A couple of grants are allowing a Skeena conservationship education program to expand into the Bulkley Valley.
BC Hydro and the TD Friends of the Environment Fund gave money to The SkeenaWild Conservation Trust.
SkeenaWild Education Coordinator Christine Slanz said this money will go toward their education program that started about two years ago.
“It is all about going into the schools and teaching salmon life cycle and everything about watersheds with a completely Skeena focus,” she said. “It is aligned with the curriculum in that we have place-based learning, experiential learning, hands-on learning.”
Last year they ran the program as a pilot with workshops in the Terrace area schools but this funding allows for the expansion.
“We looked at just doing lesson plans but after having conversations with teachers and school administrators, they liked an expert coming into the classroom so there is a different voice and face, she said. “The whole goal of our program is to educate kids on what is happening in our rivers and lakes and all about salmon, which is an important part of our culture and economy, but also to hopefully inspire them to be watershed stewards and being interested in salmon conservation.”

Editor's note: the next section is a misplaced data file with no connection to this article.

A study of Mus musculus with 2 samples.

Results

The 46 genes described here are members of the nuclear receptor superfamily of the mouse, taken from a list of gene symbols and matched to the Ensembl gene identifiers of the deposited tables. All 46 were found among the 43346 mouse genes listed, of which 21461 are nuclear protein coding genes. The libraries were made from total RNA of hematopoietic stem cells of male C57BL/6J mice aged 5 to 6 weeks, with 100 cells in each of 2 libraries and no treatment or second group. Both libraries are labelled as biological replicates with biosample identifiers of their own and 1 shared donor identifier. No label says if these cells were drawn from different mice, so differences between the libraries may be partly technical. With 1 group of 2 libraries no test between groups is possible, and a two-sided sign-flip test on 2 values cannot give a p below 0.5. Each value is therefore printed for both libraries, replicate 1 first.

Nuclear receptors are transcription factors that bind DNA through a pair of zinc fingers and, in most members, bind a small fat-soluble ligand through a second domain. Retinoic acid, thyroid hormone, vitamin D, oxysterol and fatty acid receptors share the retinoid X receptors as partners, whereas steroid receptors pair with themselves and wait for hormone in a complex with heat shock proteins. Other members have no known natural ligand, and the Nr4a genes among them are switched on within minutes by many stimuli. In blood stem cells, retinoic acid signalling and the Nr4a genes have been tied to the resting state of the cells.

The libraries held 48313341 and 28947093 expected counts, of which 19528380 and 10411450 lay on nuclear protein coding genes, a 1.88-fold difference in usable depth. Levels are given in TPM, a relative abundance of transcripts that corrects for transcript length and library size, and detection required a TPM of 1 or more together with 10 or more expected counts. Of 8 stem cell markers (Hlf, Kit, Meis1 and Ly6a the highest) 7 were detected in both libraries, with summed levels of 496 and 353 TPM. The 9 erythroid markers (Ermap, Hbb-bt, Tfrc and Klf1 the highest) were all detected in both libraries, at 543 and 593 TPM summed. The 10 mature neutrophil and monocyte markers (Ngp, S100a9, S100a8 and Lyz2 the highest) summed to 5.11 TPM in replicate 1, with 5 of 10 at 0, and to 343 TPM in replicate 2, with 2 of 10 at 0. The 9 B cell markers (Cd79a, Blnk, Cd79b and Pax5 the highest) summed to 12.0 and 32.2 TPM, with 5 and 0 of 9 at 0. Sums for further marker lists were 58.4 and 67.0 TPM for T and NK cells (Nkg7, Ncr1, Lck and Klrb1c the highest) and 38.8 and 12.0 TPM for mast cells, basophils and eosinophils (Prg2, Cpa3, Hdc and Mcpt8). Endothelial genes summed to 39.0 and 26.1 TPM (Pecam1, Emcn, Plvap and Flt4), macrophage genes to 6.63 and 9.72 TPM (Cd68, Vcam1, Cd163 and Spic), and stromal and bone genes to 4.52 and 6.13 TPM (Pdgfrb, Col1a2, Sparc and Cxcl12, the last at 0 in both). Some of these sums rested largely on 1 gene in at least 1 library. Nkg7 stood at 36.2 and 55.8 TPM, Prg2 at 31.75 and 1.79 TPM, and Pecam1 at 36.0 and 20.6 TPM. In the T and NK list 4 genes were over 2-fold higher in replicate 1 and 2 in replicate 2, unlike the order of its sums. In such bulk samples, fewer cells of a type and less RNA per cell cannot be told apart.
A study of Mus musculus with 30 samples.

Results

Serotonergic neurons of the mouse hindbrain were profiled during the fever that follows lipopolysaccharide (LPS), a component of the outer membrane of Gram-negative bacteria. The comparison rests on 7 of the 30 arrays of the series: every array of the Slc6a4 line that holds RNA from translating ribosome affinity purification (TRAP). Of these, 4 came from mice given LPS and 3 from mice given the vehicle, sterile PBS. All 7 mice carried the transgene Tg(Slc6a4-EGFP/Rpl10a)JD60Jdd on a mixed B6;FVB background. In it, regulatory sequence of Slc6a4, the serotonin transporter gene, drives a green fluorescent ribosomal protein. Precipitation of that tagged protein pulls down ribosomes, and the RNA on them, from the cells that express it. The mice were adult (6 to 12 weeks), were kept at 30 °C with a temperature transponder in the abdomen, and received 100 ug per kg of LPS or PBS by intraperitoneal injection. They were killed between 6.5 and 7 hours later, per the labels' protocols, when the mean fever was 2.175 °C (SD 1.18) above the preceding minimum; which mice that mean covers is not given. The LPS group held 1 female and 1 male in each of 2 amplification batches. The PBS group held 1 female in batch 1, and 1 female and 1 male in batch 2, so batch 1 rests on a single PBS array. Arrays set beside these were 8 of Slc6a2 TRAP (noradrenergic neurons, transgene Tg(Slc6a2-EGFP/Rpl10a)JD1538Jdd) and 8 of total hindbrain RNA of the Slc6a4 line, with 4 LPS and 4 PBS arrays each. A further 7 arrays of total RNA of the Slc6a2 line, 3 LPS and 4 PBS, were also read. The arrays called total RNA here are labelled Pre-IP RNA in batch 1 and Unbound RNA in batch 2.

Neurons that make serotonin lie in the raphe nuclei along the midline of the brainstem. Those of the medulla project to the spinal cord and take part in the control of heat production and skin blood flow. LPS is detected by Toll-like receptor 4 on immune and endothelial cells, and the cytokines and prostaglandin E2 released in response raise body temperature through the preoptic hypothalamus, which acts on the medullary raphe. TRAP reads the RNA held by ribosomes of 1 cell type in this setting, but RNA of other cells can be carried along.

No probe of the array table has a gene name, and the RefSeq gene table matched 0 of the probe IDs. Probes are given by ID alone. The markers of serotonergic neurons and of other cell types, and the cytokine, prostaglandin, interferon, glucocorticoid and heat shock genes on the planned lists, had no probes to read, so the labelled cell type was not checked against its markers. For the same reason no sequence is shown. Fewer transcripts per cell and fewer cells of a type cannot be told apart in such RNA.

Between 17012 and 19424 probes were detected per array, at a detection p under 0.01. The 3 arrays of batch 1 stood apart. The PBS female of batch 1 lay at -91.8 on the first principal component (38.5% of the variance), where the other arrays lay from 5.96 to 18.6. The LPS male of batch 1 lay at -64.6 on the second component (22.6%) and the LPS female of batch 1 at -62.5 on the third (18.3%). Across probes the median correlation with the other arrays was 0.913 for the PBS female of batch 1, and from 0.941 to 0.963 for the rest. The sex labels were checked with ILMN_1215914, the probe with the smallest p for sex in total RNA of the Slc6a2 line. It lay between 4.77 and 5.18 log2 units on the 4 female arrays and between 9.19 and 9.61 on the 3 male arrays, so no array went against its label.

However, Slanz just isn’t sure yet if COVID-19 will allow for the expansion. While they are not sure what the school year will look like but at this point, she said they will be setting up a Zoom classroom workshop.
“Because it has always been hands-on with materials, what I would be doing is sending a watershed in a box. Putting all the supplies together and deliver them to classrooms so students can follow along. Sometimes a pandemic can create opportunities; this is a way we can expand the program to all the communities along the watershed.”
Slanz is hoping to run the program in Hazelton, Smithers and Telkwa schools.
In the same intake, BC Hydro also gave Upper Skeena Community Learning Society in Hazelton $2,000 to be put toward their Youth Works program.
Community Organizer at The Learning Shop Anissa Watson said Youth Works is a social enterprise.
“It is a small kitchen and catering business that operates out of the Learning Shop in Hazelton,” she explained. “Youth ages 18-30 are employed part-time to provide local healthy food for our local business contracts at the same time as learning workplace employment skills.
“Youth Works was started by a group of youth about ten years ago because they recognized both the need for supported employment for young folks who needed a bit more in place to be happily employed and successful in developing the skills they need to live a good life. Youth are supported in their wellness, personal goal setting, and connecting to community supports.”
However, Youth Works has been closed since March due to the COVID-19 pandemic, but they are beginning the process of re-starting safely within guidelines so they can continue to operate on a slightly smaller scale.
“The BC Hydro grant is an asset in re-starting Youth Works as it will allow us to purchase the necessary equipment to set our commercial kitchen space up and train youth according to BC CDC (Centre for Disease Control) guidelines, it could not have come at a better time,” Watson added.